Love is All You Need
According to Jesus there are two great commandments. Love God with all your heart and mind, all your soul and strength; and love your neighbour as yourself. As Christians we take these commandments to heart; they are demanding of course, but, at first sight, they seem quite straightforward. I suggest, however, that in most people’s experience love is actually far from straightforward. In a variety of different relationships with a spouse, or partner, or children, or friends, love may mean very different things and it can be very challenging.
What is the most loving behaviour? And then, if we think about loving people with whom we are not closely connected, it becomes even more complex. What is the most loving thing to do for a business competitor or a homeless person, or an Islamic State militant? How do you love someone who doesn’t like you? The word ‘love’ has different meanings according to the circumstances. Think about what it might mean to you in those situations.
How do we love God? St. John writes in one of his letters, “it’s not so much that we love God as that God first loved us.” A relationship with God is two way, and part of that is simply learning how to be loved, to experience the sense that God is holding us in the palm of his hand with an innate tenderness. You sometimes feel that the love of God is rather different from being liked by God. God may be gritting his teeth and forcing himself to love you, when actually he rather disapproves of you. He is merciful because it is his duty but you really deserve to be chastised. And because love is a rather overused word, it can lose its meaning. Maybe we should find another word. I have always found it really helpful to believe that God likes me. It’s hard to believe, because sometimes we don’t like ourselves much. But God likes you, God has compassion for you, God feels unconditionally positive towards you. You are dear to God.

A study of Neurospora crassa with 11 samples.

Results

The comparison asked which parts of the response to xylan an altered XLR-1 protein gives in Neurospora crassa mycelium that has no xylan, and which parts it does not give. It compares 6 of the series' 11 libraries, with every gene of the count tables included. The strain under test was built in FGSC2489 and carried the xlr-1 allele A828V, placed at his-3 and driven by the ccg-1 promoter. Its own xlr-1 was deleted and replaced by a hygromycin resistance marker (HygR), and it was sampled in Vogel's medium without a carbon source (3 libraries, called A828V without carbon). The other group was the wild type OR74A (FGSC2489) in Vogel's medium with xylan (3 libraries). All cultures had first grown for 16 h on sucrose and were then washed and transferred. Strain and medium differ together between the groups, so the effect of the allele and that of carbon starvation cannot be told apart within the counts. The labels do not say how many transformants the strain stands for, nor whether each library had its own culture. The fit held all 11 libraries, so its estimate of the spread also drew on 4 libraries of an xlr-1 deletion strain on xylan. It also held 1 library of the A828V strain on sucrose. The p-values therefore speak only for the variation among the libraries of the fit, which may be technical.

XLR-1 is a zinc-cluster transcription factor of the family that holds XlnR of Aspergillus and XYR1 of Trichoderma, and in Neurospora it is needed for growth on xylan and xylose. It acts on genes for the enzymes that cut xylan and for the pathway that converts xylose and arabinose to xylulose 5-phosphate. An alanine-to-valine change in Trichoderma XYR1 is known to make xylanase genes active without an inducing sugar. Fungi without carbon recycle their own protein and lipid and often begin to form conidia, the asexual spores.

The command is to love your neighbour as you love yourself. You can’t really love anyone else if you don’t love yourself. That’s another helpful way to look at it. If you are inclined to be hard on yourself, imagine that you are your best friend. Ask yourself, in your role as a friend, how you feel at the moment. Be aware of the tender understanding and compassion your friend is feeling for you, and try to feel it about yourself. You will have a well of self-compassion, which you can draw on to have compassion for others. God is your ultimate friend, infinitely kind. Instead of love, maybe we should adopt these two words, “friendship” and “kindness” when we think of God. There is nothing grudging, nothing conditional about God’s love for you.
The month of Lent and St Valentine
This year, Lent begins on 10th February. Lent is supposed to be challenging, as we ask ourselves difficult questions. How do we love those who are difficult to love? But self-compassion is the starting
point. Look inwards with kindness and friendship. Then you may have a chance of loving your neighbour. On St Valentine’s Day, send yourself a message of love, friendship and care. Give yourself a break.
After all, God can’t be wrong about you!